The CRA announced today the revocation of another Canadian registered charity called “Destiny Health and Wellness Foundation” which was involved with charity gifting tax shelters.
News release The Canada Revenue Agency revokes the charitable status of Destiny Health and Wellness Foundation
Ottawa, Ontario, April 19, 2010. . . The Canada Revenue Agency (CRA) has revoked the charitable registration of Destiny Health and Wellness Foundation, a Toronto-area charity. This revocation was effective April 17, 2010.
On March 11, 2010, the CRA issued a notice of intention to revoke the charitable registration of Destiny Health and Wellness Foundation, in accordance with subsection 168(1) of the Income Tax Act. The letter stated, in part, that:
The Canada Revenue Agency’s (CRA) audit has concluded that from January 1, 2005 to December 31, 2006, Destiny Health & Wellness Foundation (the Organization) issued in excess of $42 million in receipts for cash received through the Universal Donation Program and Destiny Gifting Program, registered tax shelters. Of this amount, an overwhelming majority of the funds were transferred to another participating registered charity as compensation for its role in the arrangement, to the tax shelter promoters as fundraising fees and to a related investment company. The Organization itself retained…$840,000 of the total tax-receipted amount for use in its own activities.
Our audit has also revealed insufficient separation between the Organization’s operations and the personal business and financial interests of those responsible for its operation. In particular, the Organization has entered collusive contractual arrangements with directors and related parties who are themselves promoting the tax shelter programs. These arrangements have resulted in substantially all of the actual cash received being diverted into the hands of the promoters and related companies rather than used for charitable purposes.
It is our position that the Organization has operated for the non-charitable purpose of promoting tax shelter arrangements and for the private benefit of its directors and the tax shelter promoters. The Organization has issued receipts for transactions that do not qualify as gifts; issued receipts otherwise than in accordance with the Income Tax Act (the Act) and its Regulations; and has failed to meet its annual disbursement quota. For all of these reasons, and for each of these reasons alone, it is the position of the CRA that the Organization’s registration should be revoked.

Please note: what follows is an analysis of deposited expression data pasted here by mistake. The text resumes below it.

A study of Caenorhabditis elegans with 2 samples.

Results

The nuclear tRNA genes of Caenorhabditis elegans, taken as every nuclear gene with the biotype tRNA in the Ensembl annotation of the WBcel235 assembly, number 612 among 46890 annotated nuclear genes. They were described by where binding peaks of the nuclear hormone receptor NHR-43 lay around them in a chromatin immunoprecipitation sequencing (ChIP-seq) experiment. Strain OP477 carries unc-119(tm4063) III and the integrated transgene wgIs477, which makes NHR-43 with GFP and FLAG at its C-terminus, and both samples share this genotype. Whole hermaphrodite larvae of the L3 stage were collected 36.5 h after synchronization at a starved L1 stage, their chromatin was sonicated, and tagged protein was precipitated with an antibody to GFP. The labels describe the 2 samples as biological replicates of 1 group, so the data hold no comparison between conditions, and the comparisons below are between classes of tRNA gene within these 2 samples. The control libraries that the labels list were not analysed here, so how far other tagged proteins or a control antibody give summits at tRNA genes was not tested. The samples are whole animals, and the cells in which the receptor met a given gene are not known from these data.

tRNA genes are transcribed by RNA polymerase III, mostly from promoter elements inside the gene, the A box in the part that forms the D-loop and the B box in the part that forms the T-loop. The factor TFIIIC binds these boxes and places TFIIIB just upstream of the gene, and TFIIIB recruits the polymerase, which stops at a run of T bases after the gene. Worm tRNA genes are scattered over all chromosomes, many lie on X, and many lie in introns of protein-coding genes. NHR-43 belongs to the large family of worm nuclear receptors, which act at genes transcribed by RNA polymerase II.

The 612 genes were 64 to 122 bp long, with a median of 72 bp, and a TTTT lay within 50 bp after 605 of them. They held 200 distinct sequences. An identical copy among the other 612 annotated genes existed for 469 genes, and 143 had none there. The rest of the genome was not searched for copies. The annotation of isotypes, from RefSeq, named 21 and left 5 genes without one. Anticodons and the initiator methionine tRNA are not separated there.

The notice of intention to revoke and other letters relating to the grounds for revocation are available to the public on request by calling 1-800-267-2384.
A charity that has had its charitable status revoked can no longer issue donation receipts for income tax purposes and is no longer a qualified donee under the Income Tax Act. The organization is no longer exempt from income tax, unless it qualifies as a non-profit organization, and it may be subject to a tax equal to the full value of its remaining assets.
Registered charities in Canada perform valuable work in our communities, and Canadians support this work in many ways. The CRA regulates registered charities through the Income Tax Act and is committed to ensuring that charities operate in compliance with the law. Where a registered charity is found not to comply with its legal requirements, the CRA may apply monetary penalties or may suspend or revoke the charity’s status under the Income Tax Act.
The CRA is reviewing all tax shelter related donation arrangements (for example, schemes that typically promise donors tax receipts worth more than the actual amount of the donation), and it plans to audit every participating charity, promoter, and investor. For more information about tax shelters, go to the CRA’s Tax alert Web page at http://www.cra.gc.ca/alert.
For more information about the registration of Canadian charities, go to the CRA’s Charities and Giving Web page at http://www.cra.gc.ca/charities.